My Blogging and Language Journey: What My First Negative Comment Taught Me

It was just a “puff piece” apparently, written for a piece of software. Having learned three foreign languages, my own methods were wrong and the best way to learn a new language was just to immerse yourself in the culture. This was a comment on one of my very first blog posts that I had written over eight months before. It was also the first negative comment I’d received since I’d started blogging. At first I was a little upset about the response and I simply trashed the comment. However, upon reflection, I decided to approve it and give my side of the story.

Both blogging and language learning are journeys; there are highs and lows that teach you who you are. In blogging, finding your  voice can be difficult. There are millions of people writing online so why should anybody pay any attention to you? In language learning, you come up against obstacles regularly, so how do you overcome them? There are several things blogging and language learning have in common.

1. Remember Why You’re Doing It

In both blogging and language learning, motivation is key. Why did you start your blog? If it was just to keep friends and family updated, then focus on that. Put up posts you know they’ll appreciate – lots of photos and funny stories. Did you start it as a personal project, a way of writing down your thoughts and making sense of the world? Then keep going – your personal growth with your blog is far more important than anyone else’s thoughts on it. Or perhaps you started it as a way of firing up a writing career. Have you always dreamed of travelling the world for a living? Then use the negative comments to spur you on to the next location and to help you hone your writing skills. Why did you start learning a language? Is it personal or professional? Sometimes having an outside motivation helps. If you’re not taking a class, see if you can set up a language exchange or book yourself into an exam. Have a goal to work towards and focus on it.

the-journey-of-a-thousand-miles-begins-with-one-step2. Don’t Compare Your Journey to Other People’s

This is an important point. Blogging and language learning are individual journeys and we all go at our own pace. As a blogger, you may be tempted to compare your social media followers to another blogger. Or perhaps you count how many comments you get. Don’t! Followers and comments are not a true reflection of your ability as a blogger. Keep going and don’t get disheartened. It’s the same as being a language learner. Although I truly believe that everyone can learn languages, it is true that some people seem to pick it up quicker than others, but that doesn’t matter. Find what works for you and use it to the best of your ability. Do you want to produce one new article a week? Then do it. Are you trying to learn ten new words a day? No problem. Focus on your journey and don’t let yourself get distracted by someone else’s.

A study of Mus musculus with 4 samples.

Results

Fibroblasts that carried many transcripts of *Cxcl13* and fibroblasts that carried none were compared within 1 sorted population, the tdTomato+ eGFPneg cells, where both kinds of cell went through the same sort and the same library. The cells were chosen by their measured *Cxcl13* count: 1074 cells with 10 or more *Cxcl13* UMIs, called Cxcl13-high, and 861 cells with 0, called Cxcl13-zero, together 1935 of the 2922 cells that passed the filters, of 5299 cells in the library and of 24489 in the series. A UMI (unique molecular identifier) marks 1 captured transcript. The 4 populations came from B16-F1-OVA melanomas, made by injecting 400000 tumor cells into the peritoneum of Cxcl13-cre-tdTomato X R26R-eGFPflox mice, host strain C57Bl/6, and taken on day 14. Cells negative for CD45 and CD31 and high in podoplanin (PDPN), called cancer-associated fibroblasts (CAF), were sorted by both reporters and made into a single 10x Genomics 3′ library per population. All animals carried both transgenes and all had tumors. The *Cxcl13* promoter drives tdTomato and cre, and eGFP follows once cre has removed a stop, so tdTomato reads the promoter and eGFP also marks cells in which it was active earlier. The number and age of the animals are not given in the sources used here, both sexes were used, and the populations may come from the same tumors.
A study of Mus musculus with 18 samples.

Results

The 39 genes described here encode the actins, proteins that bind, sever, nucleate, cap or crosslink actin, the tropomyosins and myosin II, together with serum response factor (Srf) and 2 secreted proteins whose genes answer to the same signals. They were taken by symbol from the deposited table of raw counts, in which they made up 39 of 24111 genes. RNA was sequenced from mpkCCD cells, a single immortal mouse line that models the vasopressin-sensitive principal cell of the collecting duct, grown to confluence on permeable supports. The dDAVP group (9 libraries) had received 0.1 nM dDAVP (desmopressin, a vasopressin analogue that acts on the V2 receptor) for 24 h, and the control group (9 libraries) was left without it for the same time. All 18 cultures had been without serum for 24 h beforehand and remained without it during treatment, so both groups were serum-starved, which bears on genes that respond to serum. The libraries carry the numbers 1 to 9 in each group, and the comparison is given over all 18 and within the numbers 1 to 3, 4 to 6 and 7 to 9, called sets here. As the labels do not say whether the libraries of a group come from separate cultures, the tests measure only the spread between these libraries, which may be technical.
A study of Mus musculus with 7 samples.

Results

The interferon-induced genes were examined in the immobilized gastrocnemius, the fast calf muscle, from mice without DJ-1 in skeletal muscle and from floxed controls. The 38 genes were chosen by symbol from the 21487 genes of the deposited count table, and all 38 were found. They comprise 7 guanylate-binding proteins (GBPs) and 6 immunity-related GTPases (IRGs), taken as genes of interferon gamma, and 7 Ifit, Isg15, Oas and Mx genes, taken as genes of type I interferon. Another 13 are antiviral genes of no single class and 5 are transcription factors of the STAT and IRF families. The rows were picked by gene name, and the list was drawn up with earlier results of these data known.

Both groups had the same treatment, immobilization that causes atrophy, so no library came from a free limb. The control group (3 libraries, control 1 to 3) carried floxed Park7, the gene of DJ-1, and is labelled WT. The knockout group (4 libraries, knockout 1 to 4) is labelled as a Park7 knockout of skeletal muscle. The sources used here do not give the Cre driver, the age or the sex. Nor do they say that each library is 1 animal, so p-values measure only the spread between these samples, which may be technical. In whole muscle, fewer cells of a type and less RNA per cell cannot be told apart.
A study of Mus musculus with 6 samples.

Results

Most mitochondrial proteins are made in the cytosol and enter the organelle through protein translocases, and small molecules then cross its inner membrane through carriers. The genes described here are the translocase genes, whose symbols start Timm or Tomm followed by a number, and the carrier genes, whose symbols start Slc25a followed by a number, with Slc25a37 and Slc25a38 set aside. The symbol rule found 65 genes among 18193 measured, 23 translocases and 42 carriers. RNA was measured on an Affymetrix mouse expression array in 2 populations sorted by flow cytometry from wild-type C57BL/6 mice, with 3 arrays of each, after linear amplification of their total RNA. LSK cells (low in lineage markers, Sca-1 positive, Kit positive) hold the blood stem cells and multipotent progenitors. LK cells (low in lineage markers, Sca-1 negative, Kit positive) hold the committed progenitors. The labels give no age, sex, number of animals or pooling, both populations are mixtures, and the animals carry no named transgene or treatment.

3. Lean On Your Support System

Putting yourself out there and doing something new can be intimidating. This is why you need to build a support system around you for when times get tough. Perhaps you fail an exam or get your first negative comment. Maybe you can’t remember the irregular verbs or the article you slaved over for hours got rejected again. Whatever it is, go to the people who understand you. They could be your family and friends or you can find yourself a group of fellow bloggers or language learners, people who have already been in your situation. As with everything in life, bad moments are going to happen. Pick yourself up, dust yourself off and continue on your way.

4. Know That You’re Doing Something Extraordinary

So many people go through life never really trying to do anything daring. They stay inside their comfortable little bubble and yet they seem to be the loudest critics. Funny, that. Whether you’re facing down the trolls or finding people laughing at your accent, remember this message from Stephen King:

If you write (or paint or dance or sculpt or sing, I suppose), someone will try to make you feel lousy about it.

Critics are everywhere, especially on the Internet. Easier said than done, maybe, but don’t let them drown out the voices of your supporters. As for the people laughing at your accent or huffing at you because you can’t remember how to say ‘cucumber’, ask them how many languages they speak. Usually the answer is the same: one. This is because, according to Robert A. Heinlein:

Some people insist that ‘mediocre’ is better than ‘best’. They delight in clipping wings because they themselves can’t fly. They despise brains because they have none.

So, whatever it is you’re trying to do, just keep these tips in mind and follow your own path. If learning a language is your goal, head here for why you need to stop apologising and start speaking.